Cover Stories Series 2015> Accelerating Agricultural Modernization
UPDATED: January 4, 2015 NO. 2 JANUARY 8, 2015
Modernizing Agriculture
China will accelerate agricultural modernization by adopting scale management and focusing more on the rural population
By Deng Yaqing

STANDARDIZED PRODUCTION: People visit Sunqiao Modern Agricultural Park in Langxi County of Anhui Province on November 5, 2014, to learn how family farms are run (CFP)

Sun Xiaowei, a young villager who owns 90 mu (6 hectares) of field in Wangwudao Village, Liaoyang County of Liaoning Province, saw his income soaring last year. "I transferred the management right of my land to a rural cooperative. In return, it pays me 750 yuan ($120) per mu every year," said Sun, who now also serves as a technician in the cooperative, reveling in the fact that his annual income almost doubled in 2014.

Land right transfer and scale management were among the key issues discussed at the 2014 Central Rural Work Conference concluded on December 23, which mapped out the plan for 2015. Centered on the transformation and modernization of agricultural development, the conference also tapped into preservation of local culture and ecological environment and infrastructure construction in rural areas.

"Compared with the rapidly advancing urbanization, industrialization and informatization, China's agricultural modernization is relatively stagnant," said Li Guoxiang, a researcher with the Institute of Rural Development under the Chinese Academy of Social Sciences.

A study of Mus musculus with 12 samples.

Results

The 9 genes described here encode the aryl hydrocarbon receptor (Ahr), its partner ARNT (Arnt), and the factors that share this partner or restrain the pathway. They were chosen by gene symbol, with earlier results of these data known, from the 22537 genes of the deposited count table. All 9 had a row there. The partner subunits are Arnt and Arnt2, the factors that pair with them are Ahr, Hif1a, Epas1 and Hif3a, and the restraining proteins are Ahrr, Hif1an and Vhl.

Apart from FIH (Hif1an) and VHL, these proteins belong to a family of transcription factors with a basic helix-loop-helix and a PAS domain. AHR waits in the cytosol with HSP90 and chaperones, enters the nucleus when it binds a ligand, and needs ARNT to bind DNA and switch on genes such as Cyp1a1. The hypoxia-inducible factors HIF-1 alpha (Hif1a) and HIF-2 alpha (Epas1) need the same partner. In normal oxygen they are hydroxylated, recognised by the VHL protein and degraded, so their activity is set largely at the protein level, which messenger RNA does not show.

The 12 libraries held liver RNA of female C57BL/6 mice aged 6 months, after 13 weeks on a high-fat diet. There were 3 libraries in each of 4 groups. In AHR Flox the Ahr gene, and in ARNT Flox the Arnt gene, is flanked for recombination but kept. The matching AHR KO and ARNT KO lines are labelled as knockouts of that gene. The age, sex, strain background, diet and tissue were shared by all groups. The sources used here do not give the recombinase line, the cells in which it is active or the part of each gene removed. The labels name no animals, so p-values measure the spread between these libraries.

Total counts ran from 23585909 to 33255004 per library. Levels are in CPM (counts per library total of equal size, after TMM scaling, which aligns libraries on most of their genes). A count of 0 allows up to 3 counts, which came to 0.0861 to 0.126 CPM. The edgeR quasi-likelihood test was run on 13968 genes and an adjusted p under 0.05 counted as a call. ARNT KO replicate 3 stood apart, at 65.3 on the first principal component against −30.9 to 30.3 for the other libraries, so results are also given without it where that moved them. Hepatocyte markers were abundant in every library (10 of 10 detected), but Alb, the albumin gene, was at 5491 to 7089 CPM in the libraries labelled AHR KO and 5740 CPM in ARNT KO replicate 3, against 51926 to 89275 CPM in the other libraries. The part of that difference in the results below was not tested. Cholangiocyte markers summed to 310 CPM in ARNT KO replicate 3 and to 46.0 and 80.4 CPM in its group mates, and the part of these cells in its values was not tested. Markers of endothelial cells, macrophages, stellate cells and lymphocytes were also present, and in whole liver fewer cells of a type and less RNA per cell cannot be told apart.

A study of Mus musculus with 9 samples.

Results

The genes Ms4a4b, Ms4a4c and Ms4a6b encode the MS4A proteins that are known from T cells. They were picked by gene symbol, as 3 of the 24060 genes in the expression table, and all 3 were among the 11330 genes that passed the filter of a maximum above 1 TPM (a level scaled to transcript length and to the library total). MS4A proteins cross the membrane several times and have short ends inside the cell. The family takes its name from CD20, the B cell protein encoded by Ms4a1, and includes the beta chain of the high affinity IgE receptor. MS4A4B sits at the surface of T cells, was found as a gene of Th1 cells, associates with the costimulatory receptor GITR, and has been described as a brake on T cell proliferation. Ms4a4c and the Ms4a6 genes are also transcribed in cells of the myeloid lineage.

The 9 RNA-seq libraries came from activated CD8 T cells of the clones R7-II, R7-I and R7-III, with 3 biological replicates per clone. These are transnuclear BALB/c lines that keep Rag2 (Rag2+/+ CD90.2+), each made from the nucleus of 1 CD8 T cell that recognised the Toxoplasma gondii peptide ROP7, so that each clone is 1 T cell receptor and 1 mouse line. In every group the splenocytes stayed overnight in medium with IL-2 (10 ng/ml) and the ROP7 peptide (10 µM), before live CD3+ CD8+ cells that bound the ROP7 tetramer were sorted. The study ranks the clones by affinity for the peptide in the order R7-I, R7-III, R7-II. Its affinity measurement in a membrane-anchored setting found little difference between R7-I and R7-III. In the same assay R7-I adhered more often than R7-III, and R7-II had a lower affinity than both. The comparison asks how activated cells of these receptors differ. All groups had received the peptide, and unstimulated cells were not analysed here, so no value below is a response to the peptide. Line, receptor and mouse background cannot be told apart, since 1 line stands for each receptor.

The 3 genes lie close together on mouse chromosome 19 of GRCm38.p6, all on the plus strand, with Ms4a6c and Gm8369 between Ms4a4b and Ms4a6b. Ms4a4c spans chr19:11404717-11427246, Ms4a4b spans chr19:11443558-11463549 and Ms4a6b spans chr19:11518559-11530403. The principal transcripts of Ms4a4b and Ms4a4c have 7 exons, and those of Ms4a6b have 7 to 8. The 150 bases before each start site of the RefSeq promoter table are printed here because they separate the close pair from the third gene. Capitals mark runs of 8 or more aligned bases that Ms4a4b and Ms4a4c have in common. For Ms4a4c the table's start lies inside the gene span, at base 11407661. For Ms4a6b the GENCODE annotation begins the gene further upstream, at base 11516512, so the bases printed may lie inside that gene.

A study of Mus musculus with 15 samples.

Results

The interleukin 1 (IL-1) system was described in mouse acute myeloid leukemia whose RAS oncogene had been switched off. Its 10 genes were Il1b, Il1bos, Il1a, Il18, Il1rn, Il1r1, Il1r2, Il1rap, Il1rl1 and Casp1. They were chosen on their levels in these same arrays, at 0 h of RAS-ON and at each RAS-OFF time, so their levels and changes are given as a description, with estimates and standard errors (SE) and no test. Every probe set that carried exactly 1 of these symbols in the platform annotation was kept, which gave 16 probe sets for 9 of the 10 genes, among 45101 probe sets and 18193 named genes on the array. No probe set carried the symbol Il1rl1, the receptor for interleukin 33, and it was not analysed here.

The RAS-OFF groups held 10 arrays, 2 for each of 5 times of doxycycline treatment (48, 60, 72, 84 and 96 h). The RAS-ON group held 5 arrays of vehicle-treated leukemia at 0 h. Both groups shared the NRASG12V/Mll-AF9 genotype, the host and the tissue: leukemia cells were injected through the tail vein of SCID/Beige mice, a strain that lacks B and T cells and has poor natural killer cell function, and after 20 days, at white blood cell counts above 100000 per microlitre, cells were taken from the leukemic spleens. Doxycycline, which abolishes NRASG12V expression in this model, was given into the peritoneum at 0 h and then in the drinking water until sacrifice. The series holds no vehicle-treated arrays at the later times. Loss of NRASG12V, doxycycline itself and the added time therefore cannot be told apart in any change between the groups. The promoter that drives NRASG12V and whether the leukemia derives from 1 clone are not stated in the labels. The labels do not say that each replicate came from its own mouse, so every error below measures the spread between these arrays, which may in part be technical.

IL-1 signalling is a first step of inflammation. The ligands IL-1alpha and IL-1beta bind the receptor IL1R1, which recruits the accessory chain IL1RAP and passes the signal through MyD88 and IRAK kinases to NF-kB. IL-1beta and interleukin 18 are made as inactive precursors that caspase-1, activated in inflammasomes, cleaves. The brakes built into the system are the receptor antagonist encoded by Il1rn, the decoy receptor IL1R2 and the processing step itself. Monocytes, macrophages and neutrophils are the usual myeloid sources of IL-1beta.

Li's argument is echoed by Zheng Fengtian, a professor from the Department of Agriculture and Rural Development at the Renmin University of China, who believes agricultural modernization is a critical variable that significantly affects the progress of industrialization and urbanization. "If agricultural modernization goes on smoothly, more labor force will be freed from farm work to push forward urbanization," said Zheng.

Agricultural challenges

Although China's grain output and rural residents' income have realized consecutive growth for 11 years, agriculture still faces mounting risks and structural problems.

According to statistics provided by Li Wei, President of Development Research Center of the State Council, from 2004 to 2012, the land cost, labor cost and service charge of growing rice, wheat and corn increased respectively by 15.7 percent, 10.4 percent and 8.7 percent, higher than the price growth of the three types of staple grain.

"While agricultural production costs keep climbing domestically, the prices for bulk agricultural commodities are sliding down in the international market. As a result, agricultural import is on the increase," said Minister of Agriculture Han Changfu.

For one thing, China faces a lack of agricultural resources, with its per-capita cultivated land and water only equivalent to one third and one fourth of the world average respectively; for another, its agricultural production heavily depends on the pesticide and chemical fertilizer, which has resulted in declining land capacity and food security risks. A large part of China's agricultural production capacity was achieved at the expense of ecological environment, said Li Wei.